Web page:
Naproxen Pregnancy and Breastfeeding Warnings
Naproxen is also known as: Aflaxen, Aleve, All Day Pain Relief, All Day Relief, Anaprox, Anaprox-DS, Comfort Pac with Naproxen, EC-Naprosyn, Flanax Pain Reliever, Leader Naproxen Sodium, Midol Extended Relief, Naprelan, Naprosyn, Naproxen Sodium DS, Pamprin All Day Relief
Naproxen Pregnancy Warnings
Animal studies have revealed evidence of decreased fetal body weight, an increase in embryofetal death, and an increase in the total incidences of fetal abnormalities. These fetal abnormalities included increasing incidences of specific malformations (cardiac interventricular septal defect, fused caudal vertebrae, and variations (absent intermediate lobe of the lung, irregular ossification of the skull, and incompletely ossified sternal centra). There are no controlled data in human pregnancy. Use late in pregnancy may cause premature closure of the ductus arteriosus and prolong labor and delivery. Naproxen should be avoided in the third trimester. Naproxen is only recommended for use during pregnancy when there are no alternatives and benefit outweighs risk. Naproxen cord blood levels were obtained from two twins delivered at 30 weeks gestation of a mother treated for premature labor with naproxen 250 mg every eight hours, beginning 30 hours prior to delivery. The last dose was administered five hours before delivery. Naproxen concentrations were 59.5 mcg/mL in the first twin and 68 mcg/mL in the second twin. Both infants suffered from pulmonary hypertension and required assisted ventilation. One infant died. The pulmonary hypertension was presumed to be the result of intrauterine closure of the ductus arteriosus mediated by the naproxen-induced inhibition of fetal prostaglandin synthesis. FDA pregnancy category C: Animal reproduction studies have shown an adverse effect on the fetus and there are no adequate and well-controlled studies in humans, but potential benefits may warrant use of the drug in pregnant women despite potential risks.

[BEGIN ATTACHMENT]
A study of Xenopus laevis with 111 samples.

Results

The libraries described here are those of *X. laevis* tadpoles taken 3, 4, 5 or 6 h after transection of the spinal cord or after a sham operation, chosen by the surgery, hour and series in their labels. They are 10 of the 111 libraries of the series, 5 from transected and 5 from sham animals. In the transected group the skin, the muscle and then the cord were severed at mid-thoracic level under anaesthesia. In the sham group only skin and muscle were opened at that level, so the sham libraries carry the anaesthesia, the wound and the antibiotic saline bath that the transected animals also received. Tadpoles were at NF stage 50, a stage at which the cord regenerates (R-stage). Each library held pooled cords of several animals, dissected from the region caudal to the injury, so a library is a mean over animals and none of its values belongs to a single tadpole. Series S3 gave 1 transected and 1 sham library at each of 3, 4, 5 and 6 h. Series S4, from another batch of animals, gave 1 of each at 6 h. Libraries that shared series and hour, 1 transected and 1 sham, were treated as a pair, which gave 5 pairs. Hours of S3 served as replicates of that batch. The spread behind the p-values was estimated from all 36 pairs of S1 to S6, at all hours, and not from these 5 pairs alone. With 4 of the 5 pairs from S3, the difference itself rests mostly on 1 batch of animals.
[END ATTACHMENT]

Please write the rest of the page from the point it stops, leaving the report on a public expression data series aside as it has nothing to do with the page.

FDA pregnancy category: C Naproxen should be avoided in late pregnancy because it may cause premature closure of the ductus arteriosus.
Naproxen Breastfeeding Warnings
Use of naproxen is not recommended. Excreted into human milk: Yes Prostaglandin-inhibiting drugs may have adverse effects in nursing infants.
The excretion of naproxen into breast milk was evaluated in a 23-year-old female following chronic administration of naproxen 250 mg twice a day. Milk concentrations peaked at 4 hours postdose and ranged from 1.14 to 1.25 ng/mL. Following a regimen of naproxen 375 mg twice a day, maximum milk concentrations averaged 2.37 ng/mL. Maternal and infant plasma samples were not obtained during the study. However, urine was collected from both mother and infant. The infant eliminated 0.47 mg naproxen and conjugates in the urine over a 12-hour postdose period.
Disclaimer: Every effort has been made to ensure that the information provided by Cerner Multum, Wolters Kluwer Health and Drugs.com is accurate, up-to-date and complete, but no guarantee is made to that effect. In addition, the drug information contained herein may be time sensitive and should not be utilized as a reference resource beyond the date hereof. This material does not endorse drugs, diagnose patients, or recommend therapy. This drug information is a reference resource designed as supplement to, and not a substitute for, the expertise, skill , knowledge, and judgement of healthcare practitioners in patient care. The absence of a warning for a given drug or combination thereof in no way should be construed to indicate that the drug or combination is safe, effective, or appropriate for any given patient. Multum Information Services, Inc. does not assume any responsibility for any aspect of healthcare administered with the aid of information Multum provides. Copyright 2000-2008 Multum Information Services, Inc. The information contained herein is not intended to cover all possible uses, directions, precautions, warnings, drug interactions, allergic reactions, or adverse effects. If you have questions about the drugs you are taking, check with your doctor, nurse, or pharmacist.